Jeans and t-shirts defined my elementary school wardrobe, at least when I had a say. When I didn’t. Long denim skirts, pink jackets, hats with patchwork, tights with cool patterns, all aided in creating my fashionista persona. The one my mom had a hand in. See, my mother has a great sense of style, but during my formative years, this was lost on me. I only cared about my clothes when I picked them out. This is probably why by fourth grade more than half of my wardrobe consisted of clothes from Justice. Anyone else remember the sweatshirts with their signature monkey emblazoned on the front? To me, wearing those or any shirt with glitter equaled fashion icon status.
I only cared about my clothes when I picked them out.
Although my mom and I did not see eye to eye on my fashion choices as a kid, later on, she did admit that she appreciated the fact that I had my own sense of style. Her warming up to me solely wanting to wear jeans worked out in the end because jeans continued to be a signature part of my wardrobe throughout middle school as well, just with a bit of a twist. As a middle schooler I was tall, lanky, and of course, going through that phase of puberty where I was becoming more concerned about how I looked. In the midst of this that part of me who thrived in elementary school when she had the chance to wear what she wanted never went away. This led to me going through a long (maybe too long) part of life where I wore neon-colored skinny jeans and very large graphic t-shirts.
The reason why I went through this skinny-jean stage was because of my older sister. I personally don’t think it’s talked about enough how much little sisters want their older sisters’ approval. Sure, you see the stereotypes on television when the little sister begs to hang out with her older sister, but in real life, things go much deeper than that. For me, things went so deep that I started to shop at Hot Topic. Yes, the store that as a child surely everyone tries not to look directly into the window for fear of making eye contact with one of the workers.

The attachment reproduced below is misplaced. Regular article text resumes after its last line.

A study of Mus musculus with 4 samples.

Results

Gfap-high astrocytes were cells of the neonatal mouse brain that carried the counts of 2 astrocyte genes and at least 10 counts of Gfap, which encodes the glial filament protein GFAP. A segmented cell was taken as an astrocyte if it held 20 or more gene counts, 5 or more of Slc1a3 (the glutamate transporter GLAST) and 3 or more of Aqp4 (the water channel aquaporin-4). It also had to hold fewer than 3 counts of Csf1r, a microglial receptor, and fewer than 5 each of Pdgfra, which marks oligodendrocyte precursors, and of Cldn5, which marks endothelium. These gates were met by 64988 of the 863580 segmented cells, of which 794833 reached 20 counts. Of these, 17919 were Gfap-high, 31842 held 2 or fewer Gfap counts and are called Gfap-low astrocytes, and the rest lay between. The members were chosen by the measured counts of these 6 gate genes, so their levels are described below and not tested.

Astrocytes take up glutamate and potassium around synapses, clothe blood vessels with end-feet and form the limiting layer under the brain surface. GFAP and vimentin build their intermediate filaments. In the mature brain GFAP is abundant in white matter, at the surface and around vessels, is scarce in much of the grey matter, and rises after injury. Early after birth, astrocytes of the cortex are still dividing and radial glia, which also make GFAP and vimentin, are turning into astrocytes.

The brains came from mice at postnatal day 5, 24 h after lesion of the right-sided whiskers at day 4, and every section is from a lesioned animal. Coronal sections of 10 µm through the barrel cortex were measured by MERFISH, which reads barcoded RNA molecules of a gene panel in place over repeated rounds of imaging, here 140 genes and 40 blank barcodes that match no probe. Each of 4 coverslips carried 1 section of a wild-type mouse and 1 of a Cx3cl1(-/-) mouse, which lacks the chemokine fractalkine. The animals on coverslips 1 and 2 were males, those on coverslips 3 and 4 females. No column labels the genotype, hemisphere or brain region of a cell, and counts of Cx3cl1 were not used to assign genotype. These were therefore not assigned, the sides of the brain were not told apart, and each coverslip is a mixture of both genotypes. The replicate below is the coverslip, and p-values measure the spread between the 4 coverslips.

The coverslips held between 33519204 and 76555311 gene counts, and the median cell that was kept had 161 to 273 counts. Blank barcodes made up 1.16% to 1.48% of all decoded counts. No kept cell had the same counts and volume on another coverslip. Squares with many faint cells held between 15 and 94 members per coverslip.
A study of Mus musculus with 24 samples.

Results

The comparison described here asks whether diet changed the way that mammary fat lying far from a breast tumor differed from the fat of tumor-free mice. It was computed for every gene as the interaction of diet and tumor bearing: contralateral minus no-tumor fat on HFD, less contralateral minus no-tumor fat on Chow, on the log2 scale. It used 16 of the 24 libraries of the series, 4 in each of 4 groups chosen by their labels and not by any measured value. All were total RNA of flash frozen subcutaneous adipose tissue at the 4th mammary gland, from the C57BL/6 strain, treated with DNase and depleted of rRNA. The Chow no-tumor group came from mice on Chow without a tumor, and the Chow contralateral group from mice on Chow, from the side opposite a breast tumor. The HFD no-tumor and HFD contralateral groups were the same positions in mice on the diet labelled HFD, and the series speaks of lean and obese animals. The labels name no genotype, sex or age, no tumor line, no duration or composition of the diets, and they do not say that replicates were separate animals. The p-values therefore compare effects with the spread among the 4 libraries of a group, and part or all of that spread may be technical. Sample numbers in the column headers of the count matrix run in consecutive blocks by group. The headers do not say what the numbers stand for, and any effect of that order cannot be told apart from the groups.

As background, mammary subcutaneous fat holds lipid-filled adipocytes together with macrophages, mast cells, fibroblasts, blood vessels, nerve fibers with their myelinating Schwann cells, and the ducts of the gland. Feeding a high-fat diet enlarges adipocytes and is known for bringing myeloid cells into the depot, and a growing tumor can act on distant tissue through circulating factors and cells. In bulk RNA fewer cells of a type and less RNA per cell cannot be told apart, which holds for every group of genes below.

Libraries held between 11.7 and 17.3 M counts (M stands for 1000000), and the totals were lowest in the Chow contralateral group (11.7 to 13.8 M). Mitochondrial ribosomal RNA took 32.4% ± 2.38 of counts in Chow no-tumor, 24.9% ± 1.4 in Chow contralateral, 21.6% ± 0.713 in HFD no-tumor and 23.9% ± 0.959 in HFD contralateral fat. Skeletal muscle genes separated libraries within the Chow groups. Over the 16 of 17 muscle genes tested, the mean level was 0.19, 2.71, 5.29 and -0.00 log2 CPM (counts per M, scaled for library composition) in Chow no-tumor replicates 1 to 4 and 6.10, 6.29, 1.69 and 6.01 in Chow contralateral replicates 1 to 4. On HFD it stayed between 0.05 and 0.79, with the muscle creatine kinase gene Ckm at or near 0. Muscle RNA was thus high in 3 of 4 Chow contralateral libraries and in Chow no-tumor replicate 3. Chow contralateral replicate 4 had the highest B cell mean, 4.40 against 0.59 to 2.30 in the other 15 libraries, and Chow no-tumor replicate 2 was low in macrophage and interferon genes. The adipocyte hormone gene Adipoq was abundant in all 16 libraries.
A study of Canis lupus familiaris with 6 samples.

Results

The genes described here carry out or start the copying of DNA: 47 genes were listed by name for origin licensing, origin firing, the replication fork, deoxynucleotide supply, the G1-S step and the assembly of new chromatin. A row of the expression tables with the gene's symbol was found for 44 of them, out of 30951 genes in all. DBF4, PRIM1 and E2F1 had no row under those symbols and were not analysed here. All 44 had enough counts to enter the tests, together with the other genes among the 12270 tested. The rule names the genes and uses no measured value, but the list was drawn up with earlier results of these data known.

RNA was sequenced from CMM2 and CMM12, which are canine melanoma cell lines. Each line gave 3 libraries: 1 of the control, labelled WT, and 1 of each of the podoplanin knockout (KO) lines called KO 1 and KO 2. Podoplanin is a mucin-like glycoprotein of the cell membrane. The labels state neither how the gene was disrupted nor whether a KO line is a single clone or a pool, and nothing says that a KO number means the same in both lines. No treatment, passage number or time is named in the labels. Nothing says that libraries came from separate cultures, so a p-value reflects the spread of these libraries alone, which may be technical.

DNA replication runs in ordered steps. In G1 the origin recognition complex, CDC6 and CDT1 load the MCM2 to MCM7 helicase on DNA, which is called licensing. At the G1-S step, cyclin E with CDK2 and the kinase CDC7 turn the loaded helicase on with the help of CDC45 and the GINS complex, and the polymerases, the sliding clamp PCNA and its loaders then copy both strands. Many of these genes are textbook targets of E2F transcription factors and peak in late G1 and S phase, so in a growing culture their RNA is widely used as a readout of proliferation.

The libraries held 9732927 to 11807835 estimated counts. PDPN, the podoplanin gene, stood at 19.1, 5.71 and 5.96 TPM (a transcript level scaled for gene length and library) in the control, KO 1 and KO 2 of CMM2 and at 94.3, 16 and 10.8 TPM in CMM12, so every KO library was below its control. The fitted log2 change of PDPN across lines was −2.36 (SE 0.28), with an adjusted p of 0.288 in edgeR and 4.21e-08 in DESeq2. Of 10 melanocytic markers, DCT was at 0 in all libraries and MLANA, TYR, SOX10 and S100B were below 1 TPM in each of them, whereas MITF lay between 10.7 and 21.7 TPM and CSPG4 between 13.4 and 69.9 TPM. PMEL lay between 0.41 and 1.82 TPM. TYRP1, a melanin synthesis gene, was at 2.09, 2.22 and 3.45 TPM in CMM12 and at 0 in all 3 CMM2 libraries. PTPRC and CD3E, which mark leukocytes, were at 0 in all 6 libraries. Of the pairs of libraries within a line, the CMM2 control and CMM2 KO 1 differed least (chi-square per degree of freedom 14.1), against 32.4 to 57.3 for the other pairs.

I still remember the moment I was allowed to buy skinny jeans from Hot Topic. I felt undeniably cool.
You have to hear me out here. I was a naive middle schooler, a tween, who wanted her older sister to think she was cool, and my older sister and her friends just so happened to frequent Hot Topic in high school instead of Hollister or Abercrombie & Fitch. Buying shirts with pop-art Supermans on the front and Disney characters looking “edgy” while outlined in neon colors became the norm. I still remember the moment I was allowed to buy skinny jeans from Hot Topic. The look, feel, and smell of them sticks with me. I felt undeniably cool.
Then in high school, my style started to change again. I was beginning to dress how my mother wanted me to as a kid. Jeans were interspersed into my wardrobe throughout the four years, but this time around they were all purchased from American Eagle. I soon started to stray away from my tomboy nature and found myself wanting to wear skirts and dresses.
It was a time of branching out and finding my style while actually being seen as fashionable.
As the years went on my body started to change, much to my chagrin. I was developing curves and beginning to gain weight in areas I hadn’t before. It was an unwelcome surprise but one that actually pushed me to start dressing differently. I began the journey of shopping in Urban Outfitters, Forever 21, Brandy Melville, and Garage. All the stores that let me find clothing that was cute and trendy. Velvet and denim miniskirts, crop tops, ripped jeans. All of this together made up my high school wardrobe. It was a time of branching out and finding my style while actually being seen as fashionable.
In college, I did a complete 180 where jeans were no longer part of my wardrobe. Even now I only have one pair that I actually wear. College became the skirts, dresses, culottes, and wide-leg pants era. I shopped at Zara, Nordstrom, Madewell, Target, and H&M among other stores, to settle into this next chapter. People who met me in college were literally in shock if I wore jeans, it was that uncommon. I definitely felt the girliest I ever had, but more importantly, I felt as though I actually had my own distinctive style. One day my friend even said she expected me to always be wearing a t-shirt and a funky skirt. Certain parts of my wardrobe were becoming staples. It was a good feeling.
People who met me in college were literally in shock if I wore jeans, it was that uncommon. I definitely felt the girliest I ever had, but more importantly, I felt as though I actually had my own distinctive style.
Clothes are representative of certain times in our lives. For me, my clothing choices tend to reflect how I’m feeling about myself or a change in my mindset. During my formative years, I learned to put my foot down and stick with what I wanted to wear. In middle school, there was less worrying and more embracing the chance to wear what I found in stylish. Then in high school, I had to balance growing up and figuring out a style that could fit this “new” me. By the time college rolled around, I felt confident in my own skin and that showed through my clothing. My personal style journey has been an integral part of life, and I hope it never truly ends.